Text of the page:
Dorwest Omega Star

By: Geraldine Cove-Print

20/07/2016

Nicolas Culpepper is a bit of a hero of mine (not to be mistaken for his relative Thomas Culpepper who lost his head over rumpy pumpy with Henry VIII’s wife Catherine Howard). Nicolas Culpepper was a botanist, physician and herbalist in 17th century England who felt that medicine for the people should be freely available, vocal in his condemnation of the greed and ignorance of other men of medicine he didn’t make a lot of friends in the metropolis of the day. His book, The Complete Herbal was originally written as a self help guide and is still referred to today by professional herbalists.

  Culpepper had to rely on as he put it “Doctor Reason and Dr Experience” but we now have the ability within a laboratory environment to find out not just if these plants and their extractions work, but why. When I was contacted by Dorwest Herbs to trial its new supplement Omega Star I jumped at the chance as I know the company to be trusted in producing well researched products using quality ingredients and I’m always interested in the use of 100 per cent natural products with our companion animals.

  Omega Star is liquid so I found it easy to measure and add to food, the UK sourced natural oils come from flax seed, blackcurrant seed and borage. Let’s see what my old friend Culpepper had to say about borage, ‘…expel pensiveness and melancholy… clarify the blood … mitigate heat in fevers,’ in modern terms we would say that it offers a feeling of well being, mildly anti-coagulant and has anti-inflammatory qualities. Culpepper does also suggest you can find it growing in ditches from Rotherhithe and Deptford but today you are likely to find it grown commercially in fabulous swathes of blue in the English countryside. Borage, also known as starflower, has one of the highest sources of gamma-linolenic acid (GLA) at 20 per cent, we have been told for years that omega 6 and omega 3 oil is essential to our diet and it certainly is necessary for inflammatory response, seems Mr Culpepper was onto something.

  The first dog I tried on Omega Star was Nellie. At 14, Border Terrier Nell is slowing down. She has had an easily irritated skin for some years, her diet is simple and raw and she is regularly shampooed with a product free of any chemical nasties. Like most BTs, loss of appetite is a rare occurrence so it’s no surprise she slurped up the measure of Omega Star with gusto. Within a week I did notice a difference in the quality of her coat and skin, under her elbows has always been a potential sore area where the hair is less dense, the skin looked cool and pliable and as the weeks passed hair growth was apparent. Her coat remained greasier than in a normal Border but the rather unpleasant smell diminished, after a bath on the third week I felt her coat was actually thicker and on closer inspection her undercoat which had been sparse for years was actually making a comeback!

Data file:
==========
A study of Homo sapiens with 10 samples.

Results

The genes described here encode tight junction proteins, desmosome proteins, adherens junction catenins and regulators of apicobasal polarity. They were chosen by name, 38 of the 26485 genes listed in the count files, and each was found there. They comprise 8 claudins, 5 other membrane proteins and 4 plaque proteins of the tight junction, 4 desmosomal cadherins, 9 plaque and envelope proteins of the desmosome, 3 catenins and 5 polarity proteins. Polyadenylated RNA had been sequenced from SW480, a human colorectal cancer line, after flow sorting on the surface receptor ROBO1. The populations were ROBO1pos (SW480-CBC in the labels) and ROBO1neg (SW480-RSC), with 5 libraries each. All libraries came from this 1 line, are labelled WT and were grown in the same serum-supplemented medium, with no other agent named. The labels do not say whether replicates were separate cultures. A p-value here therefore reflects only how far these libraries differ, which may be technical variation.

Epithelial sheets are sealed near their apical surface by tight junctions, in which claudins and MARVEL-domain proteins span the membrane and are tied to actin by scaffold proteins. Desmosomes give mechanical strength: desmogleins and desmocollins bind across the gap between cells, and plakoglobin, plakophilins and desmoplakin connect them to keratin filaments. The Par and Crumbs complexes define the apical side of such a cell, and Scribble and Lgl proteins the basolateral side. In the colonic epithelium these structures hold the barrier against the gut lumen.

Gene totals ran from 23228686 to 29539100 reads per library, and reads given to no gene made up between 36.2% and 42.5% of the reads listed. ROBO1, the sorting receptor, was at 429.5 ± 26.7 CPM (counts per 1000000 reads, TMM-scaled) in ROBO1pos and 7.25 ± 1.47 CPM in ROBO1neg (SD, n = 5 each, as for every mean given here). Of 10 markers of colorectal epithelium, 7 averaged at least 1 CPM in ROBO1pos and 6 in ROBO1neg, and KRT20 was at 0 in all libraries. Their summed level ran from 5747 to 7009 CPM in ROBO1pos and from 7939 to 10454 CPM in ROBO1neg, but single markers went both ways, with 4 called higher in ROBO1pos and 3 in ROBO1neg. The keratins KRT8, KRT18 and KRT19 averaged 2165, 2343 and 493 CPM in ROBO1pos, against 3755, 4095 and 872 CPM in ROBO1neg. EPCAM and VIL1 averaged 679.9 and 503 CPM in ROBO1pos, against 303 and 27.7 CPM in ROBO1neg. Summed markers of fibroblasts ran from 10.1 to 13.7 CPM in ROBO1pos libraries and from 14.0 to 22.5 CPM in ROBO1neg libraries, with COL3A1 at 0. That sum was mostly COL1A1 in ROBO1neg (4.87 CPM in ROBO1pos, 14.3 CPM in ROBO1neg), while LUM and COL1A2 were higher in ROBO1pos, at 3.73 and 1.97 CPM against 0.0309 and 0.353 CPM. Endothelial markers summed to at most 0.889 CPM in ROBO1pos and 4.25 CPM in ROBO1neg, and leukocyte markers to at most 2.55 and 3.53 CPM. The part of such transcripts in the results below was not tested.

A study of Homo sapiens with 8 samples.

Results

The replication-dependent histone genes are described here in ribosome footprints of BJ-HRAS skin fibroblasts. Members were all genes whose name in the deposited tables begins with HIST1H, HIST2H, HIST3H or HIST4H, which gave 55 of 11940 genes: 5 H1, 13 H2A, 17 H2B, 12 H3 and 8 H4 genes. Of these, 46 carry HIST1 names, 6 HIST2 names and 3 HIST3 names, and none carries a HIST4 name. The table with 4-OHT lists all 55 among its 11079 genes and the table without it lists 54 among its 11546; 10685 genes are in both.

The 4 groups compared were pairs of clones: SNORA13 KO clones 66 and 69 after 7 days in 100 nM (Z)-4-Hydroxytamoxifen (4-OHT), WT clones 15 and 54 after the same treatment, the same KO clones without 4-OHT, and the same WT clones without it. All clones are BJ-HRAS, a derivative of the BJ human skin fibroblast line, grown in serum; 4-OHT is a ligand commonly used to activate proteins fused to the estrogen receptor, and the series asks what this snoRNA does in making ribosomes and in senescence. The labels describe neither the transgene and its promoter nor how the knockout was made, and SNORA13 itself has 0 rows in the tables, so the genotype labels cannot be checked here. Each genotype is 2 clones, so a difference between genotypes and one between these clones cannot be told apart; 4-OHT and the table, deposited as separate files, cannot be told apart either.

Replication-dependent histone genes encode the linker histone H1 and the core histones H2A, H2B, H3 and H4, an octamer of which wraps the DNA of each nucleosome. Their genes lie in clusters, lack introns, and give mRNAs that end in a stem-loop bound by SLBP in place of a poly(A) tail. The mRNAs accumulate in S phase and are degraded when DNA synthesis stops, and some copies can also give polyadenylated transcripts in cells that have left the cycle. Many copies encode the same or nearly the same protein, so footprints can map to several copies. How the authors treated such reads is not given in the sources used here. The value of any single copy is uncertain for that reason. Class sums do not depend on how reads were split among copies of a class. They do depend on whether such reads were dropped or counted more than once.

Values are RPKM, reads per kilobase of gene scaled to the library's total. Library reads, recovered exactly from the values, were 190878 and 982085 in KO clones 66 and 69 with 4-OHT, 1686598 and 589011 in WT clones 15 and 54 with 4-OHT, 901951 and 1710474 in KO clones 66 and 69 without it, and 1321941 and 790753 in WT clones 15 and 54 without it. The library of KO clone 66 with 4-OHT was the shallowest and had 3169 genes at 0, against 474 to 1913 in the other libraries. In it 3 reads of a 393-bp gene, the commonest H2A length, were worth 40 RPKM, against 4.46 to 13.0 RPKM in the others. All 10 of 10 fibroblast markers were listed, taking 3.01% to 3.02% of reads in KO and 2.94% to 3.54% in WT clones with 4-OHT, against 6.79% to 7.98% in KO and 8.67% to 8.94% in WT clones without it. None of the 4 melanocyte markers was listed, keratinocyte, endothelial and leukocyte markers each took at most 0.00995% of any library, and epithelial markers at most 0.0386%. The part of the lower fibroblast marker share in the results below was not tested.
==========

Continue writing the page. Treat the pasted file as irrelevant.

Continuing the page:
I was astonished at how much research has been undertaken on the use of the two omega oils 3 and 6, startling claims that the balance between the two can affect ADHD in children, control autoimmune disorders and even improve eye health are still being researched but the bottom line is balance of the canine or human system does depend on the right ingredients in the correct proportions. You may well choose to use Omega Star as a coat enhancer, the science is there to back up why it works but this little blue bottle could do so much more.

  One would think that our dogs have no need for supplements if the diet is right but so many external things can affect the suitability of a dog’s diet, and if you are one of those people who have no loyalty to a particular food and move from one food to another then you may well be unbalancing your dog’s use of the available oils.

  Meanwhile back at the ingredients, blackcurrant seed oil is an unusual source of omega 3, we usually have to go to oily fish for this polyunsaturated but there is already research that appears to show that a plant sourced omega 3 has benefits over the more usually used fish for heart health. The third ingredient is flax seed oil or linseed oil as I knew it in the days when I made the Monday evening linseed and bran mash for my horses. I’m not surprised to find this oil within Omega Star, even linseed prepared in the old way by boiling had a super effect on horses’ coats. With the more modern way of extracting oil by cold pressing more of the essential components are preserved and a quality oil is produced that can be easily digested and absorbed.

  The second dog to step up as guinea pig was my veteran Irish Setter Cyril, I chose him not because his coat lacked lustre but because he does have a very sensitive tummy, Omega Star would need to be not just palatable but I really didn’t want to have to redecorate my kitchen! It was great to have an active support line at Dorwest for advice (www.dorwest.com) and within a week Cyril was happily on the correct dose without any drama.

  I spoke to MD Jo Boughton-White about the formulation of Omega Star, she told me the calming, nourishing effects on skin and coat were being enthusiastically received and it was exciting to be able to offer a balanced supplement that with continued use could offer a great deal to the well being of your dog. I think the benefit to owners should not be underestimated here; watching my dogs with the sun on their lustrous coats, glowing with health and vitality is quite a boost to my morale and does my heart good too! Thank you Dorwest, the traditions of Culpepper with the ingenuity and research of today.